State University of New York

The State University’s 64 geographically dispersed campuses bring educational opportunity within commuting distance of virtually all New York citizens and comprise the nation’s largest, centrally managed system of public higher education.

When founded in 1948, the University consolidated 29 state-operated, but unaffiliated, institutions. In response to need, the University has grown to a point where its impact is felt educationally, culturally and economically throughout the state.

Nearly 400,000 students are pursuing traditional study in classrooms or are working at home, at their own pace, through Empire State College, whose students follow individualized and often non-traditional paths to a degree. Of the total enrollment, more than 100,000 students are 24 years or older, reflecting State University’s services to specific constituencies, such as refresher courses for the professional community, continuing educational opportunities for returning service personnel and personal enrichment for more mature persons.

State University’s research contributions are helping to solve some of modern society’s most urgent problems. It was a State University scientist who first warned the world of potentially harmful mercury deposits in canned fish, and another who made the connection between automobile and industrial exhaust combining to cause changes in weather patterns. Other University researchers continue important studies in such wide-ranging areas as immunology, marine biology, sickle-cell anemia and organ transplantation.

More than 1,000 public service activities are currently being pursued on State University campuses. Examples of these efforts include special training courses for local government personnel, state civil service personnel and the unemployed; participation by campus personnel in joint community planning or project work and campus-community arrangements for community use of campus facilities.

A distinguished faculty includes nationally and internationally recognized figures in all the major disciplines. Their efforts are recognized each year in the form of such prestigious awards as Fulbright-Hays, Guggenheim and Danforth Fellowships.

The University offers a wide diversity of what are considered the more conventional career fields, such as business, engineering, medicine, teaching, literature, dairy farming, medical technology, accounting, social work, forestry and automotive technology. Additionally, its responsiveness to progress in all areas of learning and to tomorrow’s developing societal needs has resulted in concentrations which include pollution, urban studies, computer science, immunology, preservation of national resources and microbiology.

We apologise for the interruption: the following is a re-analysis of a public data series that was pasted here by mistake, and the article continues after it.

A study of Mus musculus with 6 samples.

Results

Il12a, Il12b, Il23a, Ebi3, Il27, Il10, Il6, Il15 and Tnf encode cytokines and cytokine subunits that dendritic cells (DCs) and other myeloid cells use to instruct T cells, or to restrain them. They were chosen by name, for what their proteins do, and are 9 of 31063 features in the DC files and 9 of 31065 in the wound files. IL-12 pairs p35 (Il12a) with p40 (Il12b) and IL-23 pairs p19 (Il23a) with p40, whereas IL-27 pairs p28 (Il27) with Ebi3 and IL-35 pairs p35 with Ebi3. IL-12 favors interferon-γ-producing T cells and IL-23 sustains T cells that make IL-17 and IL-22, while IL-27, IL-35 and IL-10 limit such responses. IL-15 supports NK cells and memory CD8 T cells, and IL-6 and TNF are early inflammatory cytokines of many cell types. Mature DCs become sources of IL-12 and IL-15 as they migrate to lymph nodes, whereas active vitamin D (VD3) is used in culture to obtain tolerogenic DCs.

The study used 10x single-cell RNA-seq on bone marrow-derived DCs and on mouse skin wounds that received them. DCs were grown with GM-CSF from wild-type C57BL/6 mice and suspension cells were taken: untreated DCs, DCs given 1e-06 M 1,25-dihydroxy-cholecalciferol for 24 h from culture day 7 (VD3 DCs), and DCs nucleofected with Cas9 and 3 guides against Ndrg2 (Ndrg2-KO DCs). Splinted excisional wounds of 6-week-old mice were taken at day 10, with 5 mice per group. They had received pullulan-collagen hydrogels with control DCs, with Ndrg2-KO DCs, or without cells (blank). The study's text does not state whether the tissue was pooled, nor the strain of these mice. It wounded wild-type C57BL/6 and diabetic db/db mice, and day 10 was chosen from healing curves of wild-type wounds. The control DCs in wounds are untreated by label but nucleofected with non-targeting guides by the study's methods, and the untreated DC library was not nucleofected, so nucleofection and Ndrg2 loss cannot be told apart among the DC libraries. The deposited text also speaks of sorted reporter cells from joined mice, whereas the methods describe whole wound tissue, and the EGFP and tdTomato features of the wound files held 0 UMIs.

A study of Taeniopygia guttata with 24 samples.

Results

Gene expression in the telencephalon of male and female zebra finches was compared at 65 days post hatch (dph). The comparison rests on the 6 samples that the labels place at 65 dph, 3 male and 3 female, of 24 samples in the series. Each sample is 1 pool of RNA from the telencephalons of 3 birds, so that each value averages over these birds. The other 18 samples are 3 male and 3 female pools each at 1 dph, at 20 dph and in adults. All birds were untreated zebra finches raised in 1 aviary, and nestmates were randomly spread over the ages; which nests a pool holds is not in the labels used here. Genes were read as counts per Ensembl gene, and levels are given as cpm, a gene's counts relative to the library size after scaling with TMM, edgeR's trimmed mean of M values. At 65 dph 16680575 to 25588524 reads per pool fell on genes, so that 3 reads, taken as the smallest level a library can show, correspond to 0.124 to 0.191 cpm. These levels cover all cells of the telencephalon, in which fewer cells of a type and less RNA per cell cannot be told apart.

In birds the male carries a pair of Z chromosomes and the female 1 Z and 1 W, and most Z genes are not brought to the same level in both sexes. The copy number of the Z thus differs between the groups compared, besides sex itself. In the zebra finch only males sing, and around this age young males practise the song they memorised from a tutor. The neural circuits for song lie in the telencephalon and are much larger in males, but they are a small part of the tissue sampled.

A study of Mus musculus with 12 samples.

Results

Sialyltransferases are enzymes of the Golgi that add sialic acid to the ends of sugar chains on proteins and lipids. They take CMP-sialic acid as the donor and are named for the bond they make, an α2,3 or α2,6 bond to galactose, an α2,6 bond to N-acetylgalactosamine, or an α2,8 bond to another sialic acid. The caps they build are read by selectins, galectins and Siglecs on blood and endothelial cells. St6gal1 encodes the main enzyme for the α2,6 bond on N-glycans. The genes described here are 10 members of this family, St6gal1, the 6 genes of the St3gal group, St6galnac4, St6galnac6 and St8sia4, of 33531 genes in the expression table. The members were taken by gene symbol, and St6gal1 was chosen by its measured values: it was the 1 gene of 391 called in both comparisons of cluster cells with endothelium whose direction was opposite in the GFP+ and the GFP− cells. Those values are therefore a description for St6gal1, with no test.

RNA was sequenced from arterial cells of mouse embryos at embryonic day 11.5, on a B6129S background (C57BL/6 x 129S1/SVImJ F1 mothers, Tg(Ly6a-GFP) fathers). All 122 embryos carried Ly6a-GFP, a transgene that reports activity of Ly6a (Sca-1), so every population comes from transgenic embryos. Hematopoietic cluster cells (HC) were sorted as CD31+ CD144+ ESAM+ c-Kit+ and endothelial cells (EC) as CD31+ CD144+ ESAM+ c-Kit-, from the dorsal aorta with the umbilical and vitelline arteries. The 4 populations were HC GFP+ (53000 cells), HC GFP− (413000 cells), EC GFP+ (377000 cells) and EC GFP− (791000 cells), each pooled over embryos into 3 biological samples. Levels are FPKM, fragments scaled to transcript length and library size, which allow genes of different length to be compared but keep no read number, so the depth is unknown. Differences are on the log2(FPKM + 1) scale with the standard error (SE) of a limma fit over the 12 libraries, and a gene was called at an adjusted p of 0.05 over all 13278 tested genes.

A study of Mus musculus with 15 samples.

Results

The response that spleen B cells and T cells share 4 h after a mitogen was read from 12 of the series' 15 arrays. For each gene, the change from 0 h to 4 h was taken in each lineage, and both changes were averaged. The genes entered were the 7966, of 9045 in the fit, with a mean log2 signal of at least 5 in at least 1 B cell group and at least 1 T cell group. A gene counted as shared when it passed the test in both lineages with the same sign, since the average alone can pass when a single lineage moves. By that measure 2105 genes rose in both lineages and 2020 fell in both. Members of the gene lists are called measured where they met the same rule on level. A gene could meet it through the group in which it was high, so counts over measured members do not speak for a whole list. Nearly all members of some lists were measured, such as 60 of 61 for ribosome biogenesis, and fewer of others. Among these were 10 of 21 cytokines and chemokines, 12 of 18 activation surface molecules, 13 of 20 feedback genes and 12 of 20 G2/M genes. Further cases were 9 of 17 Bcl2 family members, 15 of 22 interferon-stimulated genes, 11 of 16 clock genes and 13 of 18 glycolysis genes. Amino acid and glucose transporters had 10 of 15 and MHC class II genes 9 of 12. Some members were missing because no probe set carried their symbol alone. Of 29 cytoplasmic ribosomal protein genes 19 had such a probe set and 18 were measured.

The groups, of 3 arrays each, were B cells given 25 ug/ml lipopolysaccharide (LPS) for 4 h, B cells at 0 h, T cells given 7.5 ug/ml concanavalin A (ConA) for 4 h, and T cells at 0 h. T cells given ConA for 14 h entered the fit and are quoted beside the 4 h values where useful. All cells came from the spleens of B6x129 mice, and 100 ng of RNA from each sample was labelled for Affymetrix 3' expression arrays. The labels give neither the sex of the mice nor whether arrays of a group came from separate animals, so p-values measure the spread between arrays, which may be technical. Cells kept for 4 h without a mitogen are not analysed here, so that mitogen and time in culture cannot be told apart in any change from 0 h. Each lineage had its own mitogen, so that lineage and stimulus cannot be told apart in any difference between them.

SUNY programs for the educationally and economically disadvantaged have become models for delivering better learning opportunities to a once-forgotten segment of society. Educational Opportunity Centers offer high school equivalency and college preparatory courses to provide young people and adults with the opportunity to begin college or to learn marketable skills. In addition, campus-based Education Opportunity Programs provide counseling, developmental education and financial aid to disadvantaged students in traditional degree programs.

Overall, at its EOC’s, two-year colleges, four-year campuses and university and medical centers, the University offers 3,600 academic programs. Degree opportunities range from two-year associate programs to doctoral studies offered at 12 senior campuses.

The 30 two-year community colleges operating under the program of State University play a unique role in the expansion of educational opportunity. They provide local industry with trained technicians in a wide variety of occupational curriculums, and offer transfer options to students who wish to go on and earn advanced degrees.

During its brief history, State University has graduated more than 1 million students, the majority of whom are pursuing their careers in communities across the state.

State University is governed by a Board of Trustees, appointed by the governor, which directly determines the policies to be followed by the 34 state-supported campuses. Community colleges have their own local boards of trustees whose relationship to the SUNY board is defined by law. The state contributes one-third to 40 percent of their operating cost and one-half of their capital costs.